Monday, December 15, 2008

Race Corrodes A Region In Denial

There is a disturbing and demoralizing anecdote towards the end of Kori Schneider-Peragine's fine commentary on affordable housing in Waukesha that I posted Sunday.

A housing expert and planner, Schneider-Peragine recounts a conversation with other planners who told her, after a recent hearing on the subject in Waukesha, that affordable housing would not be permitted in their communities because elected officials in Waukesha County equate affordable housing with African-American occupants.

Here is that portion of her commentary:

"Waukesha County and its historic and present policy is part of the reason that no other metro area in the COUNTRY has suburbs as white as does this metro area. No other metro area in the country!

"The day the housing element was finalized, with no strong, meaningful recommendations, sadly I was the sole NO vote on our subcommittee. I walked out of our meeting with a couple of planners that work for a couple of the County’s municipalities, also on the subcommittee.

"They informed me that there was no way that this committee would have come up with meaningful recommendations. The leaders of these communities, the communities that make up Waukesha County, their elected officials just don’t want multi-family housing. Multi family housing I was told equates to African-American residents. Then they each relayed a story from their specific jurisdictions where their Mayor, or elected leader, prevented multi-family housing from being built in their community for that very reason – racism."

That acknowledgement of racial bias in local Waukesha County policy-making reminded me of a similar discussion I had with elected officials a decade ago during the light rail debate, when two elected leaders of Waukesha County communities told me after a meeting in the Milwaukee Mayor's office where I was working as policy director that they could not support light rail because their constituents feared light rail would bring African-Americans into their communities.

I posted an account of that conversation towards the end of a blog about race 20 months ago, here.

As long as the region condones these attitudes, and as long as local officials falter in leading the region towards away from its legacy of racial discrimination - - particularly in housing - - southeastern Wisconsin's economy will be held back, too.

John Austin, The Brookings Institution's Great Lakes economic expert and author of the highly-touted "Vital Center" study about problems and opportunities in the region, made that very point in his presentation to a legislative committee in Madison in 2007.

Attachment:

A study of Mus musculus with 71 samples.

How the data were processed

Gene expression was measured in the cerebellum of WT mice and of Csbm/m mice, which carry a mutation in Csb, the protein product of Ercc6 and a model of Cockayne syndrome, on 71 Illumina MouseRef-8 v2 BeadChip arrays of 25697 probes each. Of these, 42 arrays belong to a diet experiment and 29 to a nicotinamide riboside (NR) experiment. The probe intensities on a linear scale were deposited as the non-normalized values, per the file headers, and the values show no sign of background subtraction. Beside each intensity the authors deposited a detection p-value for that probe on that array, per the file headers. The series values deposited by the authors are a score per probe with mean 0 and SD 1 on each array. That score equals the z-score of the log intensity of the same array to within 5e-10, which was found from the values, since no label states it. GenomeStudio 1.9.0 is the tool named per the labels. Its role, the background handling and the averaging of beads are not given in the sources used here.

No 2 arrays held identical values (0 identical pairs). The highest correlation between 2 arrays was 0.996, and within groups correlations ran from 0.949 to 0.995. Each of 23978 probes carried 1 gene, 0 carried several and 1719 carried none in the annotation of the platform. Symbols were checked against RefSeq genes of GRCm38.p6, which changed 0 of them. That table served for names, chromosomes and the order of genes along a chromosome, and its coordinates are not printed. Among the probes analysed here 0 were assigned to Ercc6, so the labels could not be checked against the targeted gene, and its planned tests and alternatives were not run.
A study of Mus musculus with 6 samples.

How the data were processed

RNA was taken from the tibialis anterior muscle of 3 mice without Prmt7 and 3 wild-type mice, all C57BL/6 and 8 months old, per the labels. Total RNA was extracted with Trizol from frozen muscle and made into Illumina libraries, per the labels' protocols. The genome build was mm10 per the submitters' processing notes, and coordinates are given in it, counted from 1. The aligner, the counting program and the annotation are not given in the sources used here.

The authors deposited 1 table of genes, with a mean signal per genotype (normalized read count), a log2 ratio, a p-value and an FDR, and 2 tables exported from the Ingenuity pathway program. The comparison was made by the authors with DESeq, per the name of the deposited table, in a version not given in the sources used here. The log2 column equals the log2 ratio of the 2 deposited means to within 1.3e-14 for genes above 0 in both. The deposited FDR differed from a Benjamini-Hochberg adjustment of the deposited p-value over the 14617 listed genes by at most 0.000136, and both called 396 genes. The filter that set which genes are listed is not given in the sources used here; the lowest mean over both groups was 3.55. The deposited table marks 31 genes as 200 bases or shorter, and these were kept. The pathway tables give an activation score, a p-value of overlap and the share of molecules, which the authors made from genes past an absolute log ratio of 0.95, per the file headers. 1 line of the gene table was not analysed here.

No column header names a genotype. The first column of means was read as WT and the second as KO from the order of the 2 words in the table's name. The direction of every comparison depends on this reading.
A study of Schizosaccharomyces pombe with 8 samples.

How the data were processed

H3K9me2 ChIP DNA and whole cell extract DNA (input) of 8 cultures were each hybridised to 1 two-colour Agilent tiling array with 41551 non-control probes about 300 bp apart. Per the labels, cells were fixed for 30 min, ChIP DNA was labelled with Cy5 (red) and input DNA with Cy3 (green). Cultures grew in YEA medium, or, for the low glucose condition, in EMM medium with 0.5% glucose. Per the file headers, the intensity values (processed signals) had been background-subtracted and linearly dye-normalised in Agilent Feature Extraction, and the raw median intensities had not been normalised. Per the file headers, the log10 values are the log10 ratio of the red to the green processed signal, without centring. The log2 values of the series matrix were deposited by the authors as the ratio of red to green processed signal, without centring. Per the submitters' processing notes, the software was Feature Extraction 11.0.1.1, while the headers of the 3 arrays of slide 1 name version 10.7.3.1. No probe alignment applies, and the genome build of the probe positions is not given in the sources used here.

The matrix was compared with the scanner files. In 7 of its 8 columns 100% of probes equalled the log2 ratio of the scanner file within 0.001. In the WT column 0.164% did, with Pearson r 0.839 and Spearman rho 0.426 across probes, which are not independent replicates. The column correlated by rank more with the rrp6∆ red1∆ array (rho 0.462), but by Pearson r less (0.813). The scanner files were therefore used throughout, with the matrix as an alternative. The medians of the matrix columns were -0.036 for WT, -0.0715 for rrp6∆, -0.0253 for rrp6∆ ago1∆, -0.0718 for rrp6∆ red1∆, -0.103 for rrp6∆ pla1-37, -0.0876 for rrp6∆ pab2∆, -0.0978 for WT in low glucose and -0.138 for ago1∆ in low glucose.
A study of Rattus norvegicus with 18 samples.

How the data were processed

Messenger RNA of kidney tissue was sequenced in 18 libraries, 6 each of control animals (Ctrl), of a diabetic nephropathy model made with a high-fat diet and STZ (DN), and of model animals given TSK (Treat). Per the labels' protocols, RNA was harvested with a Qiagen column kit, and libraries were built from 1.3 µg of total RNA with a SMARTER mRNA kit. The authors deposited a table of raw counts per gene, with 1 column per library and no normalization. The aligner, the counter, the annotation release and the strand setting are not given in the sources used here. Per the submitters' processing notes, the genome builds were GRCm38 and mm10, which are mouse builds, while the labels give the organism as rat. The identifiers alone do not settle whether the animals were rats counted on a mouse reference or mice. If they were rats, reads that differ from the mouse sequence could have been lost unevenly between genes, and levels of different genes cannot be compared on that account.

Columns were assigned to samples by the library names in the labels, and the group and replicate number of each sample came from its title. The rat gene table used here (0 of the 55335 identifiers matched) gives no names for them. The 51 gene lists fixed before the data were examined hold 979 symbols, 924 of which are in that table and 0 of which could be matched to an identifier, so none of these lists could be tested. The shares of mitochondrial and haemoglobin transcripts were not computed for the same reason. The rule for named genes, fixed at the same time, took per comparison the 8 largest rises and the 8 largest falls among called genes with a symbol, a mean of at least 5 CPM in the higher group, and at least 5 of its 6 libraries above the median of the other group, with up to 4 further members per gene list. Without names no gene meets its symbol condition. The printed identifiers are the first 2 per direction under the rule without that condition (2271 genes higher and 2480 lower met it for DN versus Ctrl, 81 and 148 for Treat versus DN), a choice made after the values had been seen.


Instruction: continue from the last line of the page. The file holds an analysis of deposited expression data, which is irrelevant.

We will see if this issue is faced head-on by SEWRPC's long-delayed Housing Study Task Force, and if the agency has the courage - - the trait that Schneider-Perragine is looking for regionally - - to tackle the issue.

SEWRPC could do two things next year as it comes under the leadersip of Ken Yunker, its new Executive Director, to send that very message:

1. It would stop fighting with the very Environmental Justice Task Force SEWRPC the agency created in 2007, and approve the Task Force recommendation for outside and independent socio-economic analyses to accompany all SEWRPC plans as they are developed.

2. It would suspend ongoing studies, making its number-one action item the re-casting of the region's master Land Use Plan into a blueprint for an open and sustainable region for all residents.


Anonymous said...

" affordable housing would not be permitted in their communities because elected officials in Waukesha County equate affordable housing with African-American occupants"


Come to Racine where I live see the affordable housing see the ruin they bring to neighborhoods, the high crime then tell the lie you would live next to them.

I can not blame Waukesha County for not wanting them

James Rowen said...

Who are "they" and "them," exactly?

Anonymous said...

They being the people living in the low income housing.
Them being the housing projects or the neighborhoods where you have clusters.
Low income housing projects and slum lords kill neighborhoods
dead neighborhoods kill cities

James Rowen said...

The officials whom I referred to, and the planners Ms. Schneider-Peragine mentioned, specifically said black people.

Anonymous said...

Many people, including "colt" the commenter above, equate affordable housing with ruined neighborhoods. While there are affordable housing developments that are not properly maintained, nor are tenants properly screened, that is by and large nonexistent in today's development of affordable housing. Given the current resources for creating affordable housing - primarily the Low Income Housing Tax Credit (allocated by WHEDA) developers are required to adhere to many criteria of quality.

I challenge "colt" and any others that share his belief to find a WHEDA tax credit property built within the last decade and tell me that it "ruins the neighborhood" or "brings high crime". I guarantee you won't find one. And further, you'll probably wish you lived there yourself!

krshorewood said...

So colt, who is going to work retail, fast food, etc. in Waukesha county?

By the way, if I am not mistaken I believe there is more drug crime in counties such as Waukesha then there is in Milwaukee's inner city where presumable a lot of minorities live.